L’Oréal Awards for Social Responsibility in Dermatology

L’Oréal announced the winners of its International Awards for Social Responsibility in Dermatology, “Caring to Inspire Skin Confidence” at the 23rd World Congress of Dermatology taking place in Vancouver, Canada.

The Luxonomist. 24/06/2015
L’Oréal Dermatology 1
Awards ceremony 2015 in Vancouver

The Awards aim to acknowledge and celebrate the often unseen efforts and hard work carried out by dermatologists worldwide by rewarding voluntary dermatological initiatives, coming from individuals, associations or hospitals, favoring patient support and care in order to inspire confidence and encourage social inclusion, independently from their medical treatment.

People with dermatological conditions may frequently face discrimination and feel socially excluded. Projects falling into at least one of the three main categories Prevention and Education, Improved Quality of Life and Self-Esteem, Access to Care Coverage and Surgery were accepted.

A total of 118 applications from the five main geographical areas – Africa and Arab States, Asia-Pacific, Europe, Latin America and North America – were received and evaluated by an independent Steering Committee of six worldwide renowned dermatology experts. One winner per region receives a funding to reward the initiative and to help them continue the development of the project. The five dermatologists awarded are:

  • For Africa and Arab States:

Prof. Khalid Mohammed AlGhamdi from Saudi Arabia (Charity Society known as Faal to empower and support vitiligo patients in Saudi Arabia). Vitiligo is a long-term skin condition that causes pale, white patches on the skin due to a lack of melanin. This project aimed to increase awareness via TV broadcasts, schools visits and to provide psychological and social support to patients with vitiligo through training courses and different education programs.

  • For Asia-Pacific:

Dr. Jeong Chan-woo from South Korea (Sharing skin love – Skin Health Promotion for Orphanage and for low-income children/youth ). This initiative was established to help children from low-income families, without parents or those living away from their parents, to receive education on how to prevent skin diseases. They also have access to high quality treatment if they are suffering from a dermatological condition.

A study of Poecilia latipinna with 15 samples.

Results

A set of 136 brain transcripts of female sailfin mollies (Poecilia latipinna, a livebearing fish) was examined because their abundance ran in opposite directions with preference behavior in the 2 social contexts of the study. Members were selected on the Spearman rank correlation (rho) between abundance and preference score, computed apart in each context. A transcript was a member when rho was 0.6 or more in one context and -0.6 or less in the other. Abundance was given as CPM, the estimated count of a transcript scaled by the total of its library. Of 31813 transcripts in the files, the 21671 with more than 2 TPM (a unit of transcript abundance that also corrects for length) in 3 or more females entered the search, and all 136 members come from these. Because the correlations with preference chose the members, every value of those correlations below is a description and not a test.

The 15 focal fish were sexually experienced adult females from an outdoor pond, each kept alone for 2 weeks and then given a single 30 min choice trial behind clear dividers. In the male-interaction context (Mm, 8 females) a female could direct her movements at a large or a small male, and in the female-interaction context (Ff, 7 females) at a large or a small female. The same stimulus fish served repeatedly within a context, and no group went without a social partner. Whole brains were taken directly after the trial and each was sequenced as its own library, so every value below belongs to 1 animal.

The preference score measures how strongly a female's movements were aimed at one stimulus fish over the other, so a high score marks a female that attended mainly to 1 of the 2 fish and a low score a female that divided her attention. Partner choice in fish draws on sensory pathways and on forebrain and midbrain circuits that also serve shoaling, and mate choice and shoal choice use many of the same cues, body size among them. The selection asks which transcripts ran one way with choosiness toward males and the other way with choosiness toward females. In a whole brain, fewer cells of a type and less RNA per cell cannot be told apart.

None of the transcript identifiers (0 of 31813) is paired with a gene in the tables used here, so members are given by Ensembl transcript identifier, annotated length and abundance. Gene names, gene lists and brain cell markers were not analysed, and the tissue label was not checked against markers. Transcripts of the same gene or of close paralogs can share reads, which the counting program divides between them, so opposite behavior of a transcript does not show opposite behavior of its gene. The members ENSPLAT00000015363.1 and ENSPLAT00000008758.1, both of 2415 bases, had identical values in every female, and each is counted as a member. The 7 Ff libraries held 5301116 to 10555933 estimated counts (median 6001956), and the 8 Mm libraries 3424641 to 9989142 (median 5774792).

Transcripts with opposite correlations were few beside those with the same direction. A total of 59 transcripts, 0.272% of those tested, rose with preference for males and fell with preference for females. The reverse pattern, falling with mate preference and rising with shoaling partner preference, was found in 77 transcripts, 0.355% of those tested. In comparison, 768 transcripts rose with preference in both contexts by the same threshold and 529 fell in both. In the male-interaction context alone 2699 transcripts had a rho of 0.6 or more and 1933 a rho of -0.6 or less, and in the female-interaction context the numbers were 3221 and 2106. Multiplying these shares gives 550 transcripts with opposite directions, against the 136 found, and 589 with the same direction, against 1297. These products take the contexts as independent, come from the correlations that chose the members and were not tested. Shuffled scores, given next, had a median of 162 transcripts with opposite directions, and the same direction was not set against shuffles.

• For Europe

Dr. Ksenia Sorokina from Russia (A healthy child means a healthy family- Targeting prevention of dermatitis and adherence to treatment ). This project consists of providing training workshops for parents and children with chronic skin diseases and developing the first ever website to allow patients living in remote areas of the Russian Federation to access a consultation with a dermatologist, as well as attend online training seminars for people presenting chronic dermatitis and to increase adherence to therapy for patients as well as their parents, within four Russian territories.

  • For Latin America:

Dr. Gioconda Gaudiano from Republic of Panama (Moon Children – Providing mobile surgery clinics to Indigenous people ). This initiative provides free consultations, medical treatment and sun education via mobile surgery clinics to the 40,000 indigenous people from the Archipelago of San Blas, a region with the highest incidence of albinism in the world. Albinos can face severe skin problems, such as skin cancer, caused by UV light and sun exposure due to the lack of melanin in their skin. The mobile surgery clinics are able to travel to the Archipelago of San Blas, a community that often shuns medical treatment and avoids protective measures against skin cancer.

  • For North America

Dr. Danielle Marcoux from Canada. (Camp Liberté – Summer camp for children with skin disorders)This one-week summer camp run by volunteer dermatologists and nurses enrolled children aged 7 to 12 with moderate-to-severe skin disorders, as well as their families, to bring them together for support, social interaction and to increase their confidence. All the activities aim to increase patients’ confidence and self-esteem, improve social skills, reduce stigma about their condition and improve adherence to treatment.